Inside a plastic-draped tent, Japan Ministry of Defense workers examine a badly rusted drum unearthed Jan. 28, 2014, from a soccer field near Kadena Air Base schools where 22 dioxin- and herbicide-laced barrels were found last year.

TRAVIS J. TRITTEN/STARS AND STRIPES

By STARS AND STRIPES Published: November 21, 2014

CAMP FOSTER, Okinawa — Workers began excavation Friday on an additional 66 spots at the Okinawa City soccer field where barrels containing toxic herbicides were found last year.

The announcement to investigate the magnetic anomalies — thought to be more barrels or other metal objects — was made Thursday by the Okinawa Defense Bureau. Should any barrels or substances that indicate the presence of defoliants be found, the bureau plans to notify the city and prefectural governments immediately.

The excavation comes on the heels of a report released by the Japanese government in July that found while 83 barrels already unearthed in the reclaimed land adjacent to the Kadena Air Base fence line contained ingredients used in Agent Orange, they were of the incorrect consistency and quantities however, leading officials to instead believe they were used in a common herbicide.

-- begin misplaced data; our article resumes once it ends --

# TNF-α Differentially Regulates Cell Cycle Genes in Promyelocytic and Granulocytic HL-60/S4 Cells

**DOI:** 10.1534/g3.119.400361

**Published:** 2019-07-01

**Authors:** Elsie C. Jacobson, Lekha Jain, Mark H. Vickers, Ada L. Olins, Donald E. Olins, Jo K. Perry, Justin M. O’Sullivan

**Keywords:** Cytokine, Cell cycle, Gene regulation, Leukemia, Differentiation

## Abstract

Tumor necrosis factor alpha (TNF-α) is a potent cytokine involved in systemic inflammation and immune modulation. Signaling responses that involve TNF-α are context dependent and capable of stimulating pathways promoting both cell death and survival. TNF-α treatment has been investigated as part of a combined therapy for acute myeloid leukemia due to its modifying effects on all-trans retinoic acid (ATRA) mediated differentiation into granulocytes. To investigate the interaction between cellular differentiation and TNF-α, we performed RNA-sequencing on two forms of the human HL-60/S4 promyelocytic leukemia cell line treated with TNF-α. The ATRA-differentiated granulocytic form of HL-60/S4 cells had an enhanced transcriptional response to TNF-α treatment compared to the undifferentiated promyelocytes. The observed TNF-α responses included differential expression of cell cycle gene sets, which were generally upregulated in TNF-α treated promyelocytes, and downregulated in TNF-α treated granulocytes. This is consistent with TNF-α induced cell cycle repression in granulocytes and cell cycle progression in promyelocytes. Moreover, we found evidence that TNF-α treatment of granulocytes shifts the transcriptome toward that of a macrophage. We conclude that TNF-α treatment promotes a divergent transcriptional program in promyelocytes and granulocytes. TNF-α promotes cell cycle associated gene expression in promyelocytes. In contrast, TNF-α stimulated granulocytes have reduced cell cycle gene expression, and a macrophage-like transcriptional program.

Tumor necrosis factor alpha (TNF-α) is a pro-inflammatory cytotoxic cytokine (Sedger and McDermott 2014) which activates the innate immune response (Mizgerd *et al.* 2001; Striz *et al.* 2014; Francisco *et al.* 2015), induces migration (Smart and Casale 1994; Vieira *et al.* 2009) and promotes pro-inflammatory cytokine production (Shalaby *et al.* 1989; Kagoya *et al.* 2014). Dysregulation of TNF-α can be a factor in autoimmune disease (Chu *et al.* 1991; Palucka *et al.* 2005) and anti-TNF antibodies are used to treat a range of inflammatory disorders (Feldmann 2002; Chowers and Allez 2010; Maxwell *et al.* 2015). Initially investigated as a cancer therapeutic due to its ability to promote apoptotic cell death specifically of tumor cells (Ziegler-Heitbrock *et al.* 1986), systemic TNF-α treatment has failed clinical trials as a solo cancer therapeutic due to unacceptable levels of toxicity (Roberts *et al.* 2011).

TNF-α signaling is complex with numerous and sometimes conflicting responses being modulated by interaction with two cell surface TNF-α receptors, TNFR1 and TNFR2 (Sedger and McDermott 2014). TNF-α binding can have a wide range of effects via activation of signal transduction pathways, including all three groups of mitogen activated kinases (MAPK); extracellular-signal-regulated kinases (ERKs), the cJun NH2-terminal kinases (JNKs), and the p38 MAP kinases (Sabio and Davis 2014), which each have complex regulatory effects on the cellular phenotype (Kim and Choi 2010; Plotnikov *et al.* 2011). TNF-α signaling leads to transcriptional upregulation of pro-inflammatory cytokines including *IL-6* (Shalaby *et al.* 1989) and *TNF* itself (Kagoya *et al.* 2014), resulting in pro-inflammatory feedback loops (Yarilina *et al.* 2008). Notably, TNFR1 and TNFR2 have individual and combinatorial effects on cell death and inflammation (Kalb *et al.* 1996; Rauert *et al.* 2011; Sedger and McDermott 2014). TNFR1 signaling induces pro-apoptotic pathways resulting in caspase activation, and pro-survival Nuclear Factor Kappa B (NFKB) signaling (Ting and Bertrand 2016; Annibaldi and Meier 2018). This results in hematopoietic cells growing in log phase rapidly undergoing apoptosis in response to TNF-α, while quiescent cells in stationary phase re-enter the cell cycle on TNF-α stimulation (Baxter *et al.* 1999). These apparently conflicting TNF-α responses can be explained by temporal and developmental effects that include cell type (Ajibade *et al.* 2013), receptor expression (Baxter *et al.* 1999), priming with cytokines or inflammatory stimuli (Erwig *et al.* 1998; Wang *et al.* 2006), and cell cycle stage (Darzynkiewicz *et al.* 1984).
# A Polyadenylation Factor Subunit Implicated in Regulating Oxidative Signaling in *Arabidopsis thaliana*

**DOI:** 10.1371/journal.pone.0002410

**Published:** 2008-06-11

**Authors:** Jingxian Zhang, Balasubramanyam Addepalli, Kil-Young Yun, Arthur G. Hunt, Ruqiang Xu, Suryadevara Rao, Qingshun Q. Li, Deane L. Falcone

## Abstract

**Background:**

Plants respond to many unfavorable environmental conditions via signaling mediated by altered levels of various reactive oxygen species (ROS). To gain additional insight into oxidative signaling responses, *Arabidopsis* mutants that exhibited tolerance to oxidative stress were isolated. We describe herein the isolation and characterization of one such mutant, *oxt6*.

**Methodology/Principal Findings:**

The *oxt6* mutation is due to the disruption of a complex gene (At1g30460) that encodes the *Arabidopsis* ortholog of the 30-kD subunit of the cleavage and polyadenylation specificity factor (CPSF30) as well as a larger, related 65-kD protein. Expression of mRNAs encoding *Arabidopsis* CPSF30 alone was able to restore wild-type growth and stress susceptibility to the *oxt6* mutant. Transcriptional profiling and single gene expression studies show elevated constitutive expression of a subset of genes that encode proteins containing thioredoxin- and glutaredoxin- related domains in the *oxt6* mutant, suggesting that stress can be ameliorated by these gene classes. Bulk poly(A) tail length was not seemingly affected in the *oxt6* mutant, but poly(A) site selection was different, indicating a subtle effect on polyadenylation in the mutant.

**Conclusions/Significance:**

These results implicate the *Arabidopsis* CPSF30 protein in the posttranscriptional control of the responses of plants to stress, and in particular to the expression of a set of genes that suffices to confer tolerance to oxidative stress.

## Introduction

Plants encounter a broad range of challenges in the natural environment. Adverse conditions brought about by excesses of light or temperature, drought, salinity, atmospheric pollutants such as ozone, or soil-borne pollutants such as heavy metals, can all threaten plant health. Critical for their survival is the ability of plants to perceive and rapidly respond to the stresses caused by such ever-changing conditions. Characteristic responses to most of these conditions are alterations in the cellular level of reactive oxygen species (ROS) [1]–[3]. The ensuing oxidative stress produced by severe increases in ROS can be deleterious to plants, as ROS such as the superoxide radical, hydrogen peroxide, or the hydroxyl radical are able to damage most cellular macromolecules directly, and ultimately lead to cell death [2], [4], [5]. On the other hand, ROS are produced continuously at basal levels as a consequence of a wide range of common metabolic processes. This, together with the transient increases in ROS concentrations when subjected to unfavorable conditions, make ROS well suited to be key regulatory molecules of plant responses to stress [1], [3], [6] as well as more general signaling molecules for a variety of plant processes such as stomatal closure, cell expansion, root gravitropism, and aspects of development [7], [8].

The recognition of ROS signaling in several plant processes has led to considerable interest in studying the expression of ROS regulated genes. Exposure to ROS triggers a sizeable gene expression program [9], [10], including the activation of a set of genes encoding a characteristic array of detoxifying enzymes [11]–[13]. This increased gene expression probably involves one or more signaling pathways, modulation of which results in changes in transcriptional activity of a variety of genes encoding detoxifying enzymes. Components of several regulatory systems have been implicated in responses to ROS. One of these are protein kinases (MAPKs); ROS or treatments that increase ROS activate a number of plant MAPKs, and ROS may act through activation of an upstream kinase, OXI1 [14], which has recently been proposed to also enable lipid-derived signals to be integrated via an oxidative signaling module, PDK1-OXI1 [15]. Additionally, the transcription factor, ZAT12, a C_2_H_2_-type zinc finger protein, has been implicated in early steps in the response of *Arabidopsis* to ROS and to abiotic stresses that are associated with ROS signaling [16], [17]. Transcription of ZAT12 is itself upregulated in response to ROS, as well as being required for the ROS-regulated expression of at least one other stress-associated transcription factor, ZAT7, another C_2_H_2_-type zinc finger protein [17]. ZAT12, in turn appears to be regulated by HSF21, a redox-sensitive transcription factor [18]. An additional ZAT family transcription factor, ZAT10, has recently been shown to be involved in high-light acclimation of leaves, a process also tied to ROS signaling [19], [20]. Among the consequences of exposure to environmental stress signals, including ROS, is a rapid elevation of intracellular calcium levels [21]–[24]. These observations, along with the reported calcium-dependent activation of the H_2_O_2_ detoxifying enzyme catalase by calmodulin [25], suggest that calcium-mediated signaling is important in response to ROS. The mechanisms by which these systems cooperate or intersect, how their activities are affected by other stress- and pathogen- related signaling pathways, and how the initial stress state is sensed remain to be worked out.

The barrels caused a stir amongst both locals and U.S. military personnel and dependents when they were found. Veterans who have claimed exposure to Agent Orange while stationed on Okinawa said it confirmed what they had been saying all along. Parents of students at the nearby Amelia Earhart Intermediate School, Bob Hope Primary School and the Kadena middle and high schools expressed concern. Activists and local media also seized on the issue.

The U.S. military’s position has been that Agent Orange — which defoliated jungles during the Vietnam War and has been blamed for a slew of health problems in veterans — was never stored, shipped through or used on Okinawa. A study commissioned by the DOD has backed that assertion. The military discontinued use of Agent Orange in the early 1970s.

The defense bureau has said it was unlikely the barrels posed a health risk. Tests have shown the air and water, on and off base, are safe.

The excavation report will be released by the end of March, a bureau spokesman said.